Reporter's Notebook: 'Why Don't You Tell The Other Side?'
From Phil Williams:
"Why don't you tell the other side?"
That's been a repeated refrain that's appeared in comments posted in response to NewsChannel 5's continuing coverage of the international child-custody controversy involving Christopher Savoie.
The Franklin, Tenn., businessman became big news when he was arrested in Japan for allegedly abducting the two children who were abducted from him here in Tennessee by his ex-wife, Noriko Savoie.
Noriko's supporters ask, "Why don't you tell how he lured her to Tennessee and immediately filed divorce papers against her?"
Christopher's supporters reply, "Why don't you tell how she wanted to divorce him in Japan -- a country whose laws routinely force fathers (especially non-Japanese fathers) completely out of their children's lives?"
Noriko's supporters demand, "Why don't you reveal how Christopher emotionally abused his wife and made her life a living hell?"
Christopher's supporters answer, "Why don't you reveal how Noriko herself was abusive, always conniving against Christopher and threatening to cut him out of his children's lives?"
Noriko's supporters suggest, "Why don't you reveal tell how he cheated on her and married his current wife just days after his divorce became final?"
Christopher's supporters respond, "Why don't you tell that the relationship with his current wife didn't start until after he and Noriko had already separated?"
All of that reflects why I ended the first part of my investigation into the child-custody controversy by saying, "As with a lot of divorces, this one's also complicated."
Still, just like there's a bride's side and a groom's side at weddings, it's only natural that some viewers want to take sides in the divorce.
Adding fuel to that debate was a recent Associated Press story, published in The Tennessean. It began this way: "A friend says Noriko Savoie felt trapped -- she was a Japanese citizen new to the U.S. whose American husband had just served her divorce papers."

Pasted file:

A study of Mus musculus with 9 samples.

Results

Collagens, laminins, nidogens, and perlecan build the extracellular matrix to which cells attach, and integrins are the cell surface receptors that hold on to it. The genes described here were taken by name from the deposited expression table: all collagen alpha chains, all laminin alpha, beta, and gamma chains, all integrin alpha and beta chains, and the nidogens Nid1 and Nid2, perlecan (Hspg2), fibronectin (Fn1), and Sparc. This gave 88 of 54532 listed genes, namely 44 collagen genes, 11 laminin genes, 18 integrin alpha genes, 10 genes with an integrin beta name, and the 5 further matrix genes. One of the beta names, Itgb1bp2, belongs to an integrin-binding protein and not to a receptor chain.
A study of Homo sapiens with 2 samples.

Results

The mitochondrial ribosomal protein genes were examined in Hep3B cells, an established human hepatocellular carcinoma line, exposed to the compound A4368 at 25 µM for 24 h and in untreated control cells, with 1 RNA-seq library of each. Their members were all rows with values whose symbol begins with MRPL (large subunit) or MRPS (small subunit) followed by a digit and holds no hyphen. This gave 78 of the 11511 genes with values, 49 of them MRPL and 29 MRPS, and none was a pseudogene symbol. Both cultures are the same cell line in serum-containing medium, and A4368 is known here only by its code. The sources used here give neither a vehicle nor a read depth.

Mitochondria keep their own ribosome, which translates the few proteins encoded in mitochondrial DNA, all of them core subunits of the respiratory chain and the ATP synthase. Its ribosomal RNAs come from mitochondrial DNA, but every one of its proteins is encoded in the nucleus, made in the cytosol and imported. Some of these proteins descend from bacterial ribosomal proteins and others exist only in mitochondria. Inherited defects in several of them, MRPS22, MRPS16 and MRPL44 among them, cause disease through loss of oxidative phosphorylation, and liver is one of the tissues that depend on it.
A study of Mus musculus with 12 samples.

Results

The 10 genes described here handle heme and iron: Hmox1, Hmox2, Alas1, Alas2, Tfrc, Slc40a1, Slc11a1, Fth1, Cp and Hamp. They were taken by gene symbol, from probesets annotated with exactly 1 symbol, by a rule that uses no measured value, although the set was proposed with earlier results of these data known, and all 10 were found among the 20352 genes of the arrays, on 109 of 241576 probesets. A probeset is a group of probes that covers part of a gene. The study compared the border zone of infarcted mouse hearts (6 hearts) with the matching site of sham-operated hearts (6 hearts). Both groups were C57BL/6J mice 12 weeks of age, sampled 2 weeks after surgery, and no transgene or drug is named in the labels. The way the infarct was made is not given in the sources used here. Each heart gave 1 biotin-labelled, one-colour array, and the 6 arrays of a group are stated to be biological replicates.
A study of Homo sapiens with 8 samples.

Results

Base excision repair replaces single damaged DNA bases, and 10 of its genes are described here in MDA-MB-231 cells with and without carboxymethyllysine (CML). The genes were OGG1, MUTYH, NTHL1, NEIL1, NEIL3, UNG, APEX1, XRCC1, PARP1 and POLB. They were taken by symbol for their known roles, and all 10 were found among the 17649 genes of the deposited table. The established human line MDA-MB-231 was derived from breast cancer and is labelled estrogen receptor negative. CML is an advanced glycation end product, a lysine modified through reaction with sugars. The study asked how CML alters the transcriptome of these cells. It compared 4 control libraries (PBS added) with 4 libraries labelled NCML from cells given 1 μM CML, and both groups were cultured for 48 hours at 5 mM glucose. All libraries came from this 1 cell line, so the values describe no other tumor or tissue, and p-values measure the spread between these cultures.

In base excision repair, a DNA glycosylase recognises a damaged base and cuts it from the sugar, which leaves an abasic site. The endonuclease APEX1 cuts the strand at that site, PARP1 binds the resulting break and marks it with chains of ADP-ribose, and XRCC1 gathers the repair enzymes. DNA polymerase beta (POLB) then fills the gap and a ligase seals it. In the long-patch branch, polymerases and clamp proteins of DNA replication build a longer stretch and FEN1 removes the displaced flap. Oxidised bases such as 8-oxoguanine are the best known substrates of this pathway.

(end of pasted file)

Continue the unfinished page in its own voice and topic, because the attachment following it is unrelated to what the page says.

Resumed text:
So why didn't we report how she had been tricked into an American divorce?
Because all the available evidence suggests that it's just not true.
Associated Press: "A friend says Noriko Savoie felt trapped -- she was a Japanese citizen new to the U.S. whose American husband had just served her divorce papers."
Judge Jim Martin: "She came here knowing that he wanted a divorce."
While we aren't in a position to retry the whole messy divorce, Williamson County Judge Jim Martin heard both sides.
"She clearly understood that, when she was coming to the United States, she wasn't coming here to reconcile," Martin said during a March hearing.
"And it was clear as it could be in mediation that she came here knowing that her husband was involved with another woman, and she came here knowing that he wanted a divorce."
Neither party objected to the judge's characterization during that hearing.
Since we as journalists don't sit on either the bride's or the groom's side in the divorce, we've focused on what Williamson County courts have ruled.
First, the courts have ruled that Noriko voluntarily entered into a divorce agreement in which she pledged to live in Tennessee with the children.
And she received her own victory. She was awarded close to $800,000 in cash -- a settlement that she would have been unlikely to receive in Japan's legal culture.
"So while it may be hard for her to watch her children lose Japanese identity," Judge Martin said, "that's part of what she bargained for."
Secondly, testifying under oath before Judge Martin, Noriko swore that she was not planning on abducting the children to Japan.
"I have never thought about taking [the] children away from their father, never," she insisted.
Finally, contrary to her sworn testimony, she disappeared to Japan with the children "in violations of the Orders of this Court," wrote Williamson County Judge Tim Easter. The judge awarded full custody to Christopher.
As a result, Franklin police obtained a warrant for Noriko's arrest.
Of course, the story veered into dramatic, new territory when Christopher landed himself in jail -- and an international incident -- for allegedly trying to abduct the children who were abducted from him.
Since we have the only interview with him about the child custody dispute, we're in a unique position to let the public see him and hear the desperation to which he felt pushed by his wife's illegal actions.
As for Noriko's side, I've worked closely with CNN's Tokyo correspondent to help her get an on-camera interview with Noriko. A CBS News producer also tried. So far, Noriko has declined.
Noriko's former attorney, Marlene Eskind Moses, did not return our initial telephone calls to talk about her former client's perspective -- although she did call later to defend Judge Martin's role in the case.
By phone, Ms. Moses told me she has talked with Noriko in Japan, but cited attorney-client privilege in refusing to say what her former client told her or whether she has told her former client that she needs to return to the States.
Added to all of those points is the concern expressed by the U.S. government about Japan's policy of shielding parents who abduct their children from other countries.
So others can debate whether or not Noriko was justified in violating court orders and in lying under oath, as they can debate whether Christopher was justifying in trying to grab the children to bring them back to Tennessee.
We'll continue to focus on what should be indisputable -- that laws were broken and now two children are caught in the middle.